One of the most common questions that criminal defense lawyers hear – especially when there has been a recent encounter with police – is “when can the police search my car?”

 

Roadside stops by the police are probably the most frequent one-on-one interactions that most people will ever have with law enforcement, so you might think this is a question which can be easily answered. You would be wrong, and, in fact, when the police can and cannot search your car is indeed one of the more complex issues in criminal law, and one that has evolved over the years.

Your Fourth Amendment Rights Against Police Searches of Your Car

No doubt, you are interested in simply knowing when the police can and cannot search your car and not in a history lesson the law, but understanding the context for the legality of police searches is helpful for understanding why it is so complex.

 

In short, your protection from illegal police searches of your car is based on the Fourth Amendment of the U.S. Constitution which prohibits unreasonable searches and seizures. This amendment, written in 1789, far precedes the development of automobiles and modern-day police procedures, so Supreme Court justices over the years have had to develop rules for when police searches of a car are legal or illegal.

 

Again, this is a complex topic requiring far more space than is devoted to it here – and in all cases you should consult with an experienced criminal defense attorney to discuss your particular circumstances – but here are a few pointers on the law.

Consent to Search Your Car

If the police ask you if they can search your car, and you say yes, then you have given them consent to search, and they may then legally do so. They cannot force you to give consent (i.e. point a gun at you while asking for consent), but remember that, if you validly waive your Fourth Amendment rights by giving consent to search, the search will in many cases be legal.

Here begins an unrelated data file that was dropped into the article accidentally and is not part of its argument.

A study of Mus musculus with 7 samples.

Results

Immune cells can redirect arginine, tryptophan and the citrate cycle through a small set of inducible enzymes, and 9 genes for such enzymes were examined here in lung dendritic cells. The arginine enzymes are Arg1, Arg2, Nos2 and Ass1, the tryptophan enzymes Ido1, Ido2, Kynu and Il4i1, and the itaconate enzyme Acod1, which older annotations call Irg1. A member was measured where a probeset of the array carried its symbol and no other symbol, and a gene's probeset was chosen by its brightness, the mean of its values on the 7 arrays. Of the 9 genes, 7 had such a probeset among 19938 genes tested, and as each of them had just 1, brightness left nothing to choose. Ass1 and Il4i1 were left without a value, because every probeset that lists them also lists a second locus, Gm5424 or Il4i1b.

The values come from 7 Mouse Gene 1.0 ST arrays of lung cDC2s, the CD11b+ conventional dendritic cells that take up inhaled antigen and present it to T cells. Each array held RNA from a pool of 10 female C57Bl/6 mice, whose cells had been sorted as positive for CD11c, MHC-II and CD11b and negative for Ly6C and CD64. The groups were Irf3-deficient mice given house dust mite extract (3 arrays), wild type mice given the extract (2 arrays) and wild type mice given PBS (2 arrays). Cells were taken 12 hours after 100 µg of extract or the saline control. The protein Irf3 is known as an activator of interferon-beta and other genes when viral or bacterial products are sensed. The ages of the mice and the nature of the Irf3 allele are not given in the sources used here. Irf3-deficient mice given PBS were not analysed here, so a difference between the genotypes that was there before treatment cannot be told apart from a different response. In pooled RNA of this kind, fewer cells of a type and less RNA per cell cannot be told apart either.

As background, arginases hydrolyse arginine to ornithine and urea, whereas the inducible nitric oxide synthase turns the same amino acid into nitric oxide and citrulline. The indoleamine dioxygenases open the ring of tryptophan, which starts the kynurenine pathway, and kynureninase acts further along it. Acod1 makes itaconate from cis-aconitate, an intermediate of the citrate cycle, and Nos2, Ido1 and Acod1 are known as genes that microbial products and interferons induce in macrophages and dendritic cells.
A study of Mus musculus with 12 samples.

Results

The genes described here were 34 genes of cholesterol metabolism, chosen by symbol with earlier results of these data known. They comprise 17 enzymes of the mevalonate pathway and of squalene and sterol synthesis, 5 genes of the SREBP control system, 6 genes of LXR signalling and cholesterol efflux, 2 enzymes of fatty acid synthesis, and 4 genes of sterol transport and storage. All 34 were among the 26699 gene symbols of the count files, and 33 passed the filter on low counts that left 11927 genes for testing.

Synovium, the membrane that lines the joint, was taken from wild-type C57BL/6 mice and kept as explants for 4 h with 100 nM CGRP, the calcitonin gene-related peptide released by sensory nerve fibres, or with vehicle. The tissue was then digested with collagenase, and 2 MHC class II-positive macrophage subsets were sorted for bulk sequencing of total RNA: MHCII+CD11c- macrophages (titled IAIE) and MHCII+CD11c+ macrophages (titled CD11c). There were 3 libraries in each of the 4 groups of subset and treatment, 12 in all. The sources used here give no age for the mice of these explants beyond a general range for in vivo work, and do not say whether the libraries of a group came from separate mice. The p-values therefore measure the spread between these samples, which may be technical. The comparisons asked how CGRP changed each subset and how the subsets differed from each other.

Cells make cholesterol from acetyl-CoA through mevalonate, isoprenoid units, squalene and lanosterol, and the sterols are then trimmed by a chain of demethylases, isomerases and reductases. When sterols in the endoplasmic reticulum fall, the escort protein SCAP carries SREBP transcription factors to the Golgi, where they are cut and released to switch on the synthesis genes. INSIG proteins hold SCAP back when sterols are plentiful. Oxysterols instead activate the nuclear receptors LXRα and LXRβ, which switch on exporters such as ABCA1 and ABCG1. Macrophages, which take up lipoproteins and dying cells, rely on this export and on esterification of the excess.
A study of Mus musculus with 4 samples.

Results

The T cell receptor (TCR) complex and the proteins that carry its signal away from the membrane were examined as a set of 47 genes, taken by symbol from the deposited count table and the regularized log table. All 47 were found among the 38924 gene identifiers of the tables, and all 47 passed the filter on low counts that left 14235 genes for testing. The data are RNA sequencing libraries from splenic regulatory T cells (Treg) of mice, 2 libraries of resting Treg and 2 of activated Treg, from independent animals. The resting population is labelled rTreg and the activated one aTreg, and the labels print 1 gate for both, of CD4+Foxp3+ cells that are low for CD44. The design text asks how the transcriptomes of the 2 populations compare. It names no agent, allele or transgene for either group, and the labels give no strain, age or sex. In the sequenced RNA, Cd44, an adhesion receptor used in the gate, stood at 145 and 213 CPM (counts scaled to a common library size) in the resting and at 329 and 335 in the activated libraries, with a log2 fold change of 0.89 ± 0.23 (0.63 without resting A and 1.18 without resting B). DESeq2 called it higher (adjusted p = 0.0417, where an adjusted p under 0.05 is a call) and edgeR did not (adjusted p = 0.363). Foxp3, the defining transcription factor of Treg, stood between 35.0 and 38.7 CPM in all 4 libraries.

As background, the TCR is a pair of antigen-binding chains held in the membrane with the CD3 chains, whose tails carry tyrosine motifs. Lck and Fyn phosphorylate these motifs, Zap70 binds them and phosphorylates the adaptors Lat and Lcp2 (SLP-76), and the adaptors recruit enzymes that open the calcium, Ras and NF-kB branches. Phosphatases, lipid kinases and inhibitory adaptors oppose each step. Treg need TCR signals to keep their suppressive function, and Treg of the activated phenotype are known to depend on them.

Remember, you have no obligation to give up your rights by giving consent to a search.

Plain View

If the police have a valid reason for stopping your car (i.e. you were speeding or committing some other traffic violation) and they can see contraband in “plain view” in your car (i.e. an open container sitting on your dashboard), then the police do have the right to seize the contraband as evidence against you.

Search Incident to a Lawful Arrest

Whether you are in your car or not, the police do have a right to search the area in your immediate “wingspan” (where you can reach) as part of a lawful arrest of you. The purpose for this rule is to prevent arrested suspects from destroying evidence of the crime for which they are being arrested or from reaching for weapons.

 

The critical aspect here though is that the justification for the lawful arrest must occur prior to the evidence being found in one of these searches (meaning the police can’t arrest a person for no reason, then search them to find the evidence supporting the arrest).

Probable Cause

Police also have a right to search you and/or your car if they have probable cause to believe that they will find evidence of a crime in the area they will be searching. This can’t be just a hunch, but instead the police must point to specific facts which justified this belief.

 

This is a high bar, and many pieces of seized contraband have been thrown out of criminal trials because the police did not have probable cause to conduct the search.

When Your Car Is Impounded

In some cases, the police may search the inventory of a car as part of the impoundment process. But exceptions apply here, and police may not abuse this process to get around the protections of the Fourth Amendment.

Experienced Criminal Defense in Your Oklahoma Criminal Matter

Oklahoma City criminal defense attorney Patrick Quillian is a former Oklahoma district attorney who relies on his years of experience in prosecuting cases to provide the best possible defense for all defendants. If you are facing criminal charges and/or investigation for a felony or misdemeanor in Oklahoma, contact the office of J. Patrick Quillian, Attorney at Law, today at 405.294.4448 to schedule a free consultation to see what his criminal defense team can do for you.